Crossing Personal Space: Amazing Moments of Intimacy in Ghana

By Wendy Perron

Dr. Noah Abanekolgo gave my ankle three shots of a local anesthetic, which hurt like hell. I was lying on my stomach sort of howling/grunting/chanting, though I was trying to be restrained. He brought his face very close to mine on the cot, looked me in the eyes, and asked, “Are you OK?” I said, “Yes, I’m OK.” It was the most intimate, caring thing a doctor has ever done with me.


By Valerie Naranjo

I couldn’t wait to see my Ghanaian hand drumming teacher Kofi Missiso’s face, hear his vibrant shout, see the way he gives every person his or her very own moment, taking each by the hand and saying each name. We’d patiently sat in Sunday traffic out of Accra, then turned off at Kasoa, a densely populated community 22 miles away. The car ambled through the typical bumps and ruts found in newly developed Ghanaian suburban residential roads to Kofi’s new abode, which was built recently by donations from students and other private supporters. Modest, yet beautiful, this two-family house in Kasoa is in a similar neighborhood as his old one in central Accra. Kasoa and Accra, like Ghana itself, are home to people of many West African ethnicities and are two of many places that exemplify translucent borders.


By Wendy Perron

On the first full day, we got a glimpse of the vitality of the arts community in Accra. We visited two musicians at the national arts council, a vast collection of shacks where people make things, sell things, perform, and live. We were guided by our NYU colleague, percussionist Valerie Naranjo, who had been to Ghana many times to study with master musicians; she seemed to know about half of the thousand or so crafts, people and performers there. Valerie’s gyil teacher, Ba’ere Yotere, welcomed us into his tiny hut, slipped on a ceremonial vest, and played for us. He chose two compositions of his own and one he learned from his grandfather. Suddenly in this little shack the music was as intense and grand as any solo concert at Carnegie Hall.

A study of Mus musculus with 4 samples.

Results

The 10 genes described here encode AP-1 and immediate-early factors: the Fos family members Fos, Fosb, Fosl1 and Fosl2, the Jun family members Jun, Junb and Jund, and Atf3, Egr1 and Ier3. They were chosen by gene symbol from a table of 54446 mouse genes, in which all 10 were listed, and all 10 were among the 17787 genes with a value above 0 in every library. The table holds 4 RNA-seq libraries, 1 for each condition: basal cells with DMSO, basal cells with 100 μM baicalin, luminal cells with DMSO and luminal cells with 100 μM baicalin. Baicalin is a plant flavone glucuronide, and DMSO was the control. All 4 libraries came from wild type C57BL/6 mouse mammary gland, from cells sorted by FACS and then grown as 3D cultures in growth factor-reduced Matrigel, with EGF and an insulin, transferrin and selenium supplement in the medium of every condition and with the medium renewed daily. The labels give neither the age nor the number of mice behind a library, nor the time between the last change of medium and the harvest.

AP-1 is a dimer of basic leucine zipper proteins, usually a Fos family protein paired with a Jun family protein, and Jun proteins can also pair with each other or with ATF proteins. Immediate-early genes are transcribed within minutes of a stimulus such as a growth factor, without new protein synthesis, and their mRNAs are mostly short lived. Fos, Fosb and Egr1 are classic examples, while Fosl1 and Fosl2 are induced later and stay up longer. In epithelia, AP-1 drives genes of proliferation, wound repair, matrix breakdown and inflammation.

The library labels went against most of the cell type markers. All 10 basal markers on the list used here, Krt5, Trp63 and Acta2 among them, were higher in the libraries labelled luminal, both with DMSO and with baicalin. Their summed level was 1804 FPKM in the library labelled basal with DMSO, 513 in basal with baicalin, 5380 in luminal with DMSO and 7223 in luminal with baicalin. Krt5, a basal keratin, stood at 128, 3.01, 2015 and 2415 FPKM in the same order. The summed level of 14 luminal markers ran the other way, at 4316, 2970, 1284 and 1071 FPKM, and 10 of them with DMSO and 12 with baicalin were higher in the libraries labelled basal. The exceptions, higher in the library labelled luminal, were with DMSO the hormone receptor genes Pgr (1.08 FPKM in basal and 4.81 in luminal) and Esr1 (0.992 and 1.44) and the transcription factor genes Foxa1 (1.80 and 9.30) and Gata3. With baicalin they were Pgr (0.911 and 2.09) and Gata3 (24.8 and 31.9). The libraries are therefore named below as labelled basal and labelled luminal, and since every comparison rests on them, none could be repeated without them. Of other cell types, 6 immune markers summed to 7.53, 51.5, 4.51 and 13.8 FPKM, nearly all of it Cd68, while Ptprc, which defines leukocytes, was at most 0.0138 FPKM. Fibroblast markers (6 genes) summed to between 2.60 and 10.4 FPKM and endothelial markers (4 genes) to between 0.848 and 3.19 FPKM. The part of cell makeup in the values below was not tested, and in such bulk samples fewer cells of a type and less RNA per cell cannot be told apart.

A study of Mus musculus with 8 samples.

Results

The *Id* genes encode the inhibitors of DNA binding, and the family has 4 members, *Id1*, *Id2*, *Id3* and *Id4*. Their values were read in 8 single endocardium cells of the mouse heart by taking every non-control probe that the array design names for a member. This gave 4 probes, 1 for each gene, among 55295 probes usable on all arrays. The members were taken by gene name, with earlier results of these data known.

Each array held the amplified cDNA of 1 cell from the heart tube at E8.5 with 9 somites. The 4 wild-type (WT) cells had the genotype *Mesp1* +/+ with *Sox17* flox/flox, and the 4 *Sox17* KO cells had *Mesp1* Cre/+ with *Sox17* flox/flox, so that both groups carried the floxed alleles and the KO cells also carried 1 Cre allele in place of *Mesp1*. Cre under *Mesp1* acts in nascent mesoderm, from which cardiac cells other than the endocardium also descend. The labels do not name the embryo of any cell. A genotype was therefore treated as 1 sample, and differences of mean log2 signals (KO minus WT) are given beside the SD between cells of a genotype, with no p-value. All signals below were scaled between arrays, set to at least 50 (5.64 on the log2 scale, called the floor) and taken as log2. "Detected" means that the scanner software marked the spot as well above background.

By Andy Teirstein

On a hill along the gold coast of Ghana lies a sprawling shantytown, the Arts Council of Accra. Here artisans are busy carving figurines, weaving cloth, and stretching skins across drum frames. We are seated in a shack, listening to the playing of Ba-ere Yotera, master of the gyil, a wood-slatted instrument (the grandmother of the marimba) whose name means, “to surround.” Ba-ere is a revered mentor to one of our team, Valerie Naranjo (faculty, Steinhardt). The rapid music pours around us, emanating from Ba-ere’s two hands in multifaceted conversation; through the forest of patterns simple melodies tickle our ears. Low tones rattle fiercely, their vibration amplified by calabash gourds that hang beneath the gyil. As we relax into these unfolding sound layers, it seems as though there are many interweaving voices singing, and I become aware of the magic trick: the invocation, by a single person, of an ensemble.